Behind The Song: “Won’t You Be My Neighbor?”

Before every episode of the classic television series, Mister Rogers’ Neighborhood, which ran from 1968 until 2001, audiences hear the show’s theme song, “Won’t You Be My Neighbor?” which was written and composed by the great Fred Rogers. The composition was played by the highly-skilled musician, Johnny Costa, a classically trained pianist, who served as the children’s show’s music director.

Before Rogers hired Costa, many thought the celebrated musician would be too intricate of player for children’s programming, but both Rogers, who passed away in 2003, and Costa, who died in 1996, believed that children could handle sophisticated music. Turns out, they were right. The song has become one of the most recognizable in television history.

For Rogers, who majored in music composition at Rollins College, the theme song, the opening notes for which was inspired by a Beethoven sonata, introduced listeners to the idea of compassion, togetherness, understanding, and openness; to grow and change. It was an inclusive song, as integral to the fabric of Mister Rogers’ Neighborhood as pizza was to the Teenage Mutant Ninja Turtles. The concept of “neighbors” is mentioned eight times in the lyrics.

While Rogers wrote the theme, he gave Costa the freedom to play it and interpret it how he wished. Costa, who believed he and Rogers had some unspoken creative connection, didn’t take this responsibility lightly, famously saying, “Children have ears, and they’re people, and they can hear good music as well as anybody else. So I started right from the beginning playing for them as I would for any adults.”

At the beginning of the recent documentary about Rogers and his show, Won’t You Be My Neighbor? Rogers talks openly and eloquently about his philosophy of music, teaching and not dumbing down ideas, all wrapped up in one metaphor. He says:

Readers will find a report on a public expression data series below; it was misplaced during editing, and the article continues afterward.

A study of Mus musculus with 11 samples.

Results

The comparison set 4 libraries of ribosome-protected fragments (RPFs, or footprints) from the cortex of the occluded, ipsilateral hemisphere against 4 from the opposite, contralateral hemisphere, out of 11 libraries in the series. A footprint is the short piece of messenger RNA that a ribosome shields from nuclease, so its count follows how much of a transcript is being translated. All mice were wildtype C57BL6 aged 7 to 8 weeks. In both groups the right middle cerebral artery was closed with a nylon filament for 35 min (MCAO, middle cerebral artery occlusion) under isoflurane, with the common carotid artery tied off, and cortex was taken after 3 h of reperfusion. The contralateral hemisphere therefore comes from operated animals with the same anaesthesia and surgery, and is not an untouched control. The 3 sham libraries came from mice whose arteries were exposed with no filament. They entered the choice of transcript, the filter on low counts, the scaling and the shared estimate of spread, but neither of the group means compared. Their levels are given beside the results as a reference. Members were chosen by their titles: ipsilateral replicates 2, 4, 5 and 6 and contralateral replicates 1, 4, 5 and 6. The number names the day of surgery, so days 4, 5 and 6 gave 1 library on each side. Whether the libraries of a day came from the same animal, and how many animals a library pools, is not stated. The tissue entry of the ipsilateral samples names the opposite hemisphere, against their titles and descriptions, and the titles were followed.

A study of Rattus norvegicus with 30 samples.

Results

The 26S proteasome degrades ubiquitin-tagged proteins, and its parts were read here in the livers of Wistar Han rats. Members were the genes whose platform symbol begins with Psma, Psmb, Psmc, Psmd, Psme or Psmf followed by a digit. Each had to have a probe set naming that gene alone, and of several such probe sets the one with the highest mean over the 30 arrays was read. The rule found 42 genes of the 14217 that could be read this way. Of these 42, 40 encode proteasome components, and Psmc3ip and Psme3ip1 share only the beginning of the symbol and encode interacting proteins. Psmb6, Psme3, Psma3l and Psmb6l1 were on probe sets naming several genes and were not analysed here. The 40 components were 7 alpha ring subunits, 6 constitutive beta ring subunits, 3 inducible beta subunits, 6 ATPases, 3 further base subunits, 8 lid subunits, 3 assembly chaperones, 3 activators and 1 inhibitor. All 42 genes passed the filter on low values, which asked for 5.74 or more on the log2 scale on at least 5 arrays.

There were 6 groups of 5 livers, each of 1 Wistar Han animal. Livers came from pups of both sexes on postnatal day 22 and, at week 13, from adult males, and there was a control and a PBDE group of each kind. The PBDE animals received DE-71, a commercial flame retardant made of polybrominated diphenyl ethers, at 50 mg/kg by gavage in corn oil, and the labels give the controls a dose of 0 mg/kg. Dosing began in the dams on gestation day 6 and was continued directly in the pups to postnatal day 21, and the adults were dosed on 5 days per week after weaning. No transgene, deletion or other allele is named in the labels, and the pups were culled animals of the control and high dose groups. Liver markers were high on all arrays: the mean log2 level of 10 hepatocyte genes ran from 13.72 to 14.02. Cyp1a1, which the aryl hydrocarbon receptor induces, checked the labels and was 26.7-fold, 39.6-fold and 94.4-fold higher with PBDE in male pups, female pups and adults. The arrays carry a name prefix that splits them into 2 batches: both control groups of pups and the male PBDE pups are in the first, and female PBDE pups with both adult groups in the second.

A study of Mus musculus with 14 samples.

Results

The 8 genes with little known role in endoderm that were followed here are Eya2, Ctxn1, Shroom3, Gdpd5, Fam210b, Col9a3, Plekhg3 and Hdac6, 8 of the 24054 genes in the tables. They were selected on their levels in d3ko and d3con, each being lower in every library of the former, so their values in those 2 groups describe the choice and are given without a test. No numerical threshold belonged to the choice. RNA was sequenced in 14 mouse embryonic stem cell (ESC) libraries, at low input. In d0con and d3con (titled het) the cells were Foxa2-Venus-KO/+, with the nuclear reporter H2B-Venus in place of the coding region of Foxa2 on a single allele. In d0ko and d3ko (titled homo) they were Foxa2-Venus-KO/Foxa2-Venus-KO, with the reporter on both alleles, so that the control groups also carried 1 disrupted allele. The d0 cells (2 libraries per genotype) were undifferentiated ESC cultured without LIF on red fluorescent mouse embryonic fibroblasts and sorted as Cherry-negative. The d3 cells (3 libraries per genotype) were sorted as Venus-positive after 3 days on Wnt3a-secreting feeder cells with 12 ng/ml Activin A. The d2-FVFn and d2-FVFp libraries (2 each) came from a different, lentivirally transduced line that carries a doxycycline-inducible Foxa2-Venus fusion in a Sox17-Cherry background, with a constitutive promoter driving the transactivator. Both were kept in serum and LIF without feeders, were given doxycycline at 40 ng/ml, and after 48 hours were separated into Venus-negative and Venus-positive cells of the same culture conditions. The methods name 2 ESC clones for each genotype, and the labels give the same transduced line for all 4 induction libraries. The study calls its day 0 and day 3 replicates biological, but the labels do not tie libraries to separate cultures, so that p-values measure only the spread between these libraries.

“It seems to me that there are different themes in life. And one of my main jobs, it seems to me, is to help through the mass media, for children, to help children through some of the difficult modulations of life. Because it’s easy, for instance, to go from C to F. But there are some modulations that aren’t so easy. For instance, to go from F to F-sharp, you’ve got to weave through all sorts of things. And it seems to me if you’ve got somebody to help you as you weave —maybe this is just too philosophical. Maybe I’m trying to combine things that can’t be combined. But it makes sense to me.”

Later in the award-winning documentary, Rogers talks about the complicated feelings every person has, from childhood on. He admits to his own anger and confusions and notes that he was able to express these through music (perhaps, giving a reason as to why his show’s theme song is so nuanced and even epic).

“Music was my first language. I was scared to use words. I didn’t want to be a ‘bad boy,’ I didn’t want to tell people that I was angry. But I could show it through the way I would play on the piano” Roger says. “I could literally laugh or cry or be very angry through the ends of my fingers.”

According to YourClassical.org, Rogers wrote more than 200 songs for his famous television program, which ran for 895 episodes and 31 seasons. And, the outlet says, he worked closely with child psychologist Dr. Margaret McFarland to compose lyrics. Rogers also hosted famed musicians on the show, like Yo-Yo Ma, Tony Bennett, and Wynton Marsalis.

His theme song will live on forever.

Lyrics to “Won’t You Be My Neighbor”

It’s a beautiful day in this neighborhood,
A beautiful day for a neighbor.
Would you be mine?
Could you be mine?

It’s a neighborly day in this beauty wood,
A neighborly day for a beauty,
Would you be mine?
Could you be mine?

I have always wanted to have a neighbor just like you,
I’ve always wanted to live in a neighborhood with you.
So let’s make the most of this beautiful day,
Since we’re together we might as well say,
Would you be mine?
Could you be mine?
Won’t you be my neighbor?
Won’t you please,
Won’t you please?
Please won’t you be my neighbor?

*Music and Lyrics by Fred M. Rogers. © McFeely-Rogers Foundation.

All Rights Reserved.

One Comment


    I can see togetherness but I don’t see any of those other things in this very short song. Am I missing something?